Once a year, Elon University students gather around Alamance fountain, sipping hot drinks and listening to music. Santa and Mrs. Claus can be spotted posing for cameras and talking to children. The soft light from the Luminaries illuminate paths around Alamance and Moseley Student Center. Last night, the campus and town community joined to celebrate the holiday season and take in the sights of the 35th annual Festival of Holiday Lights.
The Festival of Holiday Lights, commonly referred to by students as “Luminaries,” took place on campus last night. The annual tradition began in 1984 as a small Christmas tree blessing, but has since become an event with hot cocoa, visits from Santa and Mrs. Claus and live music. Started by former chaplain Roger McBride, the festival is a time for the Elon community to come together and celebrate, University Chaplain Jan Fuller said.
“We bring the Festival of Holiday Lights as a way of encouraging, uplifting and bringing the campus together,” Fuller said.
The Truitt Center was responsible for running the festival. Jan Register, administrative assistant for the Truitt Center, said the center receives help from many departments on campus.
“We receive a lot of help from Event Technology, Moving & Setups, Environmental Services, University Advancement and Physical Plant,” Register said.
Freshman Kennedy Boston attended the festival last night for the first time. Boston said the festival “gave her a sense of home.”
“In my neighborhood at home, we light luminaries all around the block,” Boston said. “On Christmas Eve too, you were ‘lighting the way for Santa,’ and that was a huge part of my childhood.”
The festival had approximately 100,000 lights on the trees throughout four locations on campus: Alamance, Young Commons, Moseley Center and the Inman Admissions Building.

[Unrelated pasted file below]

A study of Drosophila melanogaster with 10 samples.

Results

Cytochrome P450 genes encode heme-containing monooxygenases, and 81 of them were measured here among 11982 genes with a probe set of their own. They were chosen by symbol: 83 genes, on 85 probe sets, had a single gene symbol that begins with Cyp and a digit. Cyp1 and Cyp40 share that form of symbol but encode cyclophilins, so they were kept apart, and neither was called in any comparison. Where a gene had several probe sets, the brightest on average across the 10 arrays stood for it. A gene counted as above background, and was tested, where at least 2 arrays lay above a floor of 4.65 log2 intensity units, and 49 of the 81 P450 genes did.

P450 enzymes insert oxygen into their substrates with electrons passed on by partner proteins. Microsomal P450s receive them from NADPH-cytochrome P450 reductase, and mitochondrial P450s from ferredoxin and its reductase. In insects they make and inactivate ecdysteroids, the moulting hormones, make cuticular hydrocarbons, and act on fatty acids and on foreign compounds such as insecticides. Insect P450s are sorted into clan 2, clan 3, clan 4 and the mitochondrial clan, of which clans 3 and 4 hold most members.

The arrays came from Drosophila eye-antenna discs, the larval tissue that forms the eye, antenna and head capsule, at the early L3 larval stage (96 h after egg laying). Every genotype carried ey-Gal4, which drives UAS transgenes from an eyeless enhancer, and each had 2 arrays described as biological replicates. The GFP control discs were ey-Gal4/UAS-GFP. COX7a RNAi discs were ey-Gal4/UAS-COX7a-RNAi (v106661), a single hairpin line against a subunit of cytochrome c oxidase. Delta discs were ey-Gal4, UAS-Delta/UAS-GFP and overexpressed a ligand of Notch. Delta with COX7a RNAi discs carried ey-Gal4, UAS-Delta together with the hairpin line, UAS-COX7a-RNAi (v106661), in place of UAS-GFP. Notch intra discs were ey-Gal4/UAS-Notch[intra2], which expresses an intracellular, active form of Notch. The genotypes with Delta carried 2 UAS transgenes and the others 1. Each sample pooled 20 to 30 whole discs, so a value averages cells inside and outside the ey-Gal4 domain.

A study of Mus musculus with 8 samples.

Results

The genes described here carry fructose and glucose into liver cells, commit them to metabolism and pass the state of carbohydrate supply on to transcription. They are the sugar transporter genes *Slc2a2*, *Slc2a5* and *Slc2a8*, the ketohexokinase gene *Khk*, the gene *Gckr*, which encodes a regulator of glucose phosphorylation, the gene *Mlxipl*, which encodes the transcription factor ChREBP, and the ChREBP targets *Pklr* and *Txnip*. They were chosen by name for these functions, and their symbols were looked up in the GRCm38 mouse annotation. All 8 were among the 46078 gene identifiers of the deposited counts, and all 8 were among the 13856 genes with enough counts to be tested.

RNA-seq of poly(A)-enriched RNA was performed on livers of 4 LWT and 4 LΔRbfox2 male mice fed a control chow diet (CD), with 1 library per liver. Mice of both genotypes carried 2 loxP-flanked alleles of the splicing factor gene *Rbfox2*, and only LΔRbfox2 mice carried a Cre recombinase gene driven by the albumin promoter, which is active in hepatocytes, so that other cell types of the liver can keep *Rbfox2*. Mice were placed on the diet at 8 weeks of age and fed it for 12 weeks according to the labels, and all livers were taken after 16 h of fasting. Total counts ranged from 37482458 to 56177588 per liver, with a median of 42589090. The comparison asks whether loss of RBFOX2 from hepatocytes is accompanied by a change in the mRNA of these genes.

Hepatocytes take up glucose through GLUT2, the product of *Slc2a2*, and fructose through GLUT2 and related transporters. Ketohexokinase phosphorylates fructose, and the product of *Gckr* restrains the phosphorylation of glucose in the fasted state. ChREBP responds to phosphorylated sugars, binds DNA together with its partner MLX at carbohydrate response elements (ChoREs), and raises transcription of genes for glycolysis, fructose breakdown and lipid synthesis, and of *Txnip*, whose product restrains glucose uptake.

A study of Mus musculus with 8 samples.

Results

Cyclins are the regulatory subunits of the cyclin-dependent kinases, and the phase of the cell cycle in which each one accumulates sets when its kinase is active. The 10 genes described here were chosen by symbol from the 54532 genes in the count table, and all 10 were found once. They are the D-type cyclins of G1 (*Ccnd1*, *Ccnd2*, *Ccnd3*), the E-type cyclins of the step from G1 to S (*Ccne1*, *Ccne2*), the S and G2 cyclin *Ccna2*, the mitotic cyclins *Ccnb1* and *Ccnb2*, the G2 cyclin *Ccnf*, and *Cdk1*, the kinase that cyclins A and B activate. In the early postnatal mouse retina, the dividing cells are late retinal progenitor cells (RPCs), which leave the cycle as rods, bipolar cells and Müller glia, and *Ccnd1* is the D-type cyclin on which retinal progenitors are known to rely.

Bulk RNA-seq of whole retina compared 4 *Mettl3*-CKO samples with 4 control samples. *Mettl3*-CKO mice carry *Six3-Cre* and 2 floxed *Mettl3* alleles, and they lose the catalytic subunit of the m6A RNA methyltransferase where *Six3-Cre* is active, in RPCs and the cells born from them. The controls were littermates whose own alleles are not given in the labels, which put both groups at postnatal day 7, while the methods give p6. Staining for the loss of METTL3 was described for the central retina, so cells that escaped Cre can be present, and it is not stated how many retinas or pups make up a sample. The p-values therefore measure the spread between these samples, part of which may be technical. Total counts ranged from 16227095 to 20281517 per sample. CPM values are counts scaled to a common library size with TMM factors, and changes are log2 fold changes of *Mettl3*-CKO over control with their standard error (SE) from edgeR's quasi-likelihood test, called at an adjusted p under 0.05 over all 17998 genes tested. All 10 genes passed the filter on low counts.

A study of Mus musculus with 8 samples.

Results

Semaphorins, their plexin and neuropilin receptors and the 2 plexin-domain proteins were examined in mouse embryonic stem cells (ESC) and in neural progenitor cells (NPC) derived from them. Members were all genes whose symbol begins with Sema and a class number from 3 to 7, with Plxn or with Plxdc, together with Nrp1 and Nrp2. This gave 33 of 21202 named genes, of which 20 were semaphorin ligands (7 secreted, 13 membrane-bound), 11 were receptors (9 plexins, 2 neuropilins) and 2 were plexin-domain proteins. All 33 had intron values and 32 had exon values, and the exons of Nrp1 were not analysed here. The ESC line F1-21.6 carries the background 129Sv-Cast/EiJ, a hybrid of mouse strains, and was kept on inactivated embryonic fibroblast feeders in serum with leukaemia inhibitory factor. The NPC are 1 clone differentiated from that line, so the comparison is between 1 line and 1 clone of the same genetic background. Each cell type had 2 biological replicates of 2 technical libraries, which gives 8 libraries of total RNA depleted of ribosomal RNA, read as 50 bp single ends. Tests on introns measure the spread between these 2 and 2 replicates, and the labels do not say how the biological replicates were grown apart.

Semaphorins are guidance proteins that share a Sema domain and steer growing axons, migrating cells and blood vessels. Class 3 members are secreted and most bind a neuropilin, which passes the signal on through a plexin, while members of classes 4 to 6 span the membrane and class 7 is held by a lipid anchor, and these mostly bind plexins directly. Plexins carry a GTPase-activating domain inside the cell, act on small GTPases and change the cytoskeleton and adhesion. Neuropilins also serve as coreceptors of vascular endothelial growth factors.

This is the second year the Office of Sustainability has partnered with the Truitt Center for the festival. Elaine Durr, director of sustainability, said the Office of Sustainability will be handing out sustainable gift wrapping kits at the festival.
“The kits are created with old issues of The Pendulum, fabric scraps and yarn from the Maker Hub, and unique tags. Some of the tags are created with leftover cardboard using the laser engraver at the Maker Hub-Downtown,” Durr said.
Sophomore Lily Santiago, an eco-rep for Historic Neighborhood, said the Office of Sustainability has been prepping the kits for the last month for the festival.
“We plan to hand these out during the festival to encourage people to wrap their gifts more sustainability instead of going out and buying more gift wrap and bags that end up being used once and sitting in the landfill,” Santiago said. “All of the kits are also inclusive of different faiths and holiday traditions so everyone can celebrate sustainability.”
Santiago also said that the Office of Sustainability’s updated waste disposal system might also make the event more sustainable, making it easier to compost paper used in the celebration.
According to Office of Sustainability intern and junior Kaitlynn Dixon, the gift wrapping table was nearly empty before the festival even started.
“A lot of people were confused at first,” Dixon said. “But after explaining that newspapers are recyclable and fabric is reusable, which is much more sustainable than wrapping paper, they really liked the idea.”
According to Durr, Physical Plant switched to LED lights a few years ago, “which are more energy-efficient than traditional holiday lights.”
The LED lights require less than 80 amps of electricity, a subcontractor for the university said. The incandescent style lights that were originally used would require nearly 420 amps to light campus.
Robert Willis, electrical supervisor, said with the LED lights it is “more than one third of what the lights used to cost” when traditional lights were used.